After I confessed that Spain’s cosmopolitan Barcelona – a city on nearly every traveler’s itinerary, I was shocked to discover that I wasn’t alone in feeling iffy about it. Even friends of mine who have called Barna home have admitted that the city is a bit sketchy, that it’s hard to navigate and that it took a while for it to grow on them. Upon publishing what has been my most controversial post, Aga of Aga Nuno Somewhere offered to write a counter post about what’s to love about the sprawling city. Her story:
Barcelona was the first Spanish city that I visited. Maybe that is why I have such a soft spot for it? I remember walking the first time around Passeig de Gràcia and admiring Gaudí’s masterpieces and how intimidated I felt when being surrounded by thousands of tourist on la Rambla. During my first visit I was only a tourist, but then came back to Spain for my Erasmus exchange and spent a whole year in a small Catalan town Lleida. I took every opportunity I could to travel to Barcelona, which is only 90 minutes away.
I love big cities, the hustle and bustle of a metropolis, and Barcelona had all I ever needed – sun, beach, beautiful monuments, calmer districts like Gràcia. I secretly dreamt of living there. Little did I know that I would actually move there with my boyfriend for two years. And as much as I like the city, I must admit it was not as great as I would have wanted.
Barcelona is expensive, finding a flat is a nightmare (we actually had to fight in court to get our 1500€ deposit back from the first landlord), Catalans are not really friendly when it comes to service and it is really hard to get to know them. As my boyfriend used to say: in winter they all go skiing to Andorra, in summer they all go to their beach houses on Costa Brava. When you actually live in the city that always appears on a list of top destination to travel in Europe, all those tourists who come to visit start to annoy you… But I still loved being able to say: Oh, I live in Barcelona.
I discovered some great places to eat, as I am a foodie, so I tend to look for nice bars or restaurants everywhere I go. But unfortunately I have to admit that when comparing it to other Spanish cities, when it comes to food, Barcelona is falling far behind Madrid or Andalucía. You really must know where to go, otherwise you end up in some pintxo chain or paying a fortune for simple tapas and sangria.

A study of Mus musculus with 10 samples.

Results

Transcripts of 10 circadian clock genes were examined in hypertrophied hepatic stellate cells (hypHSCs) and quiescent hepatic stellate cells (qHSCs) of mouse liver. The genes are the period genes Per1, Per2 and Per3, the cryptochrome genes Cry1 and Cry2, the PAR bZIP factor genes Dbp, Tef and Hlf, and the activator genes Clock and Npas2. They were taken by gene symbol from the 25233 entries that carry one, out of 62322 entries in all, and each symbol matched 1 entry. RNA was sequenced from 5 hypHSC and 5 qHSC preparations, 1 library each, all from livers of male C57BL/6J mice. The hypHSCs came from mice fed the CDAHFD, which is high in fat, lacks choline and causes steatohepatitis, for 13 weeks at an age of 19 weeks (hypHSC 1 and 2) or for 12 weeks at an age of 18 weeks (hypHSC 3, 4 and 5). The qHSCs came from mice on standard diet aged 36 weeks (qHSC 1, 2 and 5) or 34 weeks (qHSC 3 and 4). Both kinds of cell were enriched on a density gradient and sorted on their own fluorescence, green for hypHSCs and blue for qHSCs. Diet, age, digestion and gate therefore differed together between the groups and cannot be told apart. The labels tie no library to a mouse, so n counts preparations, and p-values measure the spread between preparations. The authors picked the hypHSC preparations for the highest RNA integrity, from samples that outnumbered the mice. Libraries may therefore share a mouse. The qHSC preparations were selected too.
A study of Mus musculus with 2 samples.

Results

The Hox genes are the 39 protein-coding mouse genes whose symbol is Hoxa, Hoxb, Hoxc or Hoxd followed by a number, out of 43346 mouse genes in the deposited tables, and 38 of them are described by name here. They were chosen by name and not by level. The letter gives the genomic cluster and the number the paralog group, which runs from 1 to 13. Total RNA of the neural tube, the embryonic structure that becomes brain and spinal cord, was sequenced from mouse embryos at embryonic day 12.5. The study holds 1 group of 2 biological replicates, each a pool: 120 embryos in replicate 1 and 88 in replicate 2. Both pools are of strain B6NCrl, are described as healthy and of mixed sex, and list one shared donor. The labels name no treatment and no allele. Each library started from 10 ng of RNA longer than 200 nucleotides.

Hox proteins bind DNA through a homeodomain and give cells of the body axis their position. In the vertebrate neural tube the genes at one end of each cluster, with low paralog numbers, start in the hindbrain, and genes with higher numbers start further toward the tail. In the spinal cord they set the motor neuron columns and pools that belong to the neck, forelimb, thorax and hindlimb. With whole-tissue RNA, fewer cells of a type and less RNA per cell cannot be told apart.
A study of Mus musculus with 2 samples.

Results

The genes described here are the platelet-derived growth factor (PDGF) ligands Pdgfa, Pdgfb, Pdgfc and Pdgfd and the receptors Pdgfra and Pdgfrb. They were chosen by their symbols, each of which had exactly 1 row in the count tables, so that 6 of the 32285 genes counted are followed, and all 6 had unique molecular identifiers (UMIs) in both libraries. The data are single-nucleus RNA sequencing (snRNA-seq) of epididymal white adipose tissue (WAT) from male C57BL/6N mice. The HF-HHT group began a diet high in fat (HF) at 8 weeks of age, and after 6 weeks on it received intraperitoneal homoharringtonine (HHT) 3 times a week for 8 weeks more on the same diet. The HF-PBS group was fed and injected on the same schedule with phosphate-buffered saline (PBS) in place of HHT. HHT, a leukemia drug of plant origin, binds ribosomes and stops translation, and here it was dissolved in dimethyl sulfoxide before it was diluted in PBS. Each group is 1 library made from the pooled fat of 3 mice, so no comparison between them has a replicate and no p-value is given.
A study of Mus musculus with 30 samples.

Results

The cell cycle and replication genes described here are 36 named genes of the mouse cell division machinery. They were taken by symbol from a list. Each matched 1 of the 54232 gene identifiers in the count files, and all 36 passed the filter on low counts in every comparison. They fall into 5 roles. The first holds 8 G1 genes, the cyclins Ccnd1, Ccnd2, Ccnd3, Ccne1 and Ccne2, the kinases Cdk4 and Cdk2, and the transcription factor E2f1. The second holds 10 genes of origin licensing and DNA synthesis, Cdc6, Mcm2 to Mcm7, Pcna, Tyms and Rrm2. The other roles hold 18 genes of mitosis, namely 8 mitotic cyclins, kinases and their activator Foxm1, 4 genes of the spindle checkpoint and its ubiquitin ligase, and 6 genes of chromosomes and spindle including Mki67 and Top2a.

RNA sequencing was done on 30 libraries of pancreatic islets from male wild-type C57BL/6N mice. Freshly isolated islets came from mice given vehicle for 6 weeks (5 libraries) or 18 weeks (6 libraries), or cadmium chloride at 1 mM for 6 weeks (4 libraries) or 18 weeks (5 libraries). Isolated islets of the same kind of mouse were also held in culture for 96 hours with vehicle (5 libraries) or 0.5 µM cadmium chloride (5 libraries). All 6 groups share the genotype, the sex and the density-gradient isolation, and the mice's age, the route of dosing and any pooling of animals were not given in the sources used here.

I love street art, so every walk around Barcelona was exciting: I never knew what was waiting for me around the corner! And all of those Catalan traditions that I discovered during the fiestas: castellers (human towers), correfoc (parade with fire) or calcotada (eating grilled calcots – a kind of sweet onion). I had my calendar full of all the city fiestas – la Merce (the Patroness of the city), fiestas de Gràcia and some other neighborhoods.
I also travelled a lot around the region, to lovely Sitges, Montserrat, Dali’s Triangle and Costa Brava. But even if you live in Barcelona for a long time, there is always something new to do, somewhere to go and discover, or simply sit in a chiringuito on the beach with a cold beer (or the winter version: drink in a vermutería– small local bar that serves homemade vermouth).
I really like Barcelona and had my favourite spots there, but then understand that not everyone falls under the spell of Ciudad Condal, especially when spending there only few days and just being a guiri.
Aga writes in Polish and English about her travels throughout Europe with her boyfriend, Nuno, on Aga Nuno Somewhere. Currently residing in Ireland, you can find her on twitter at https://twitter.com/AgaNunoBlog.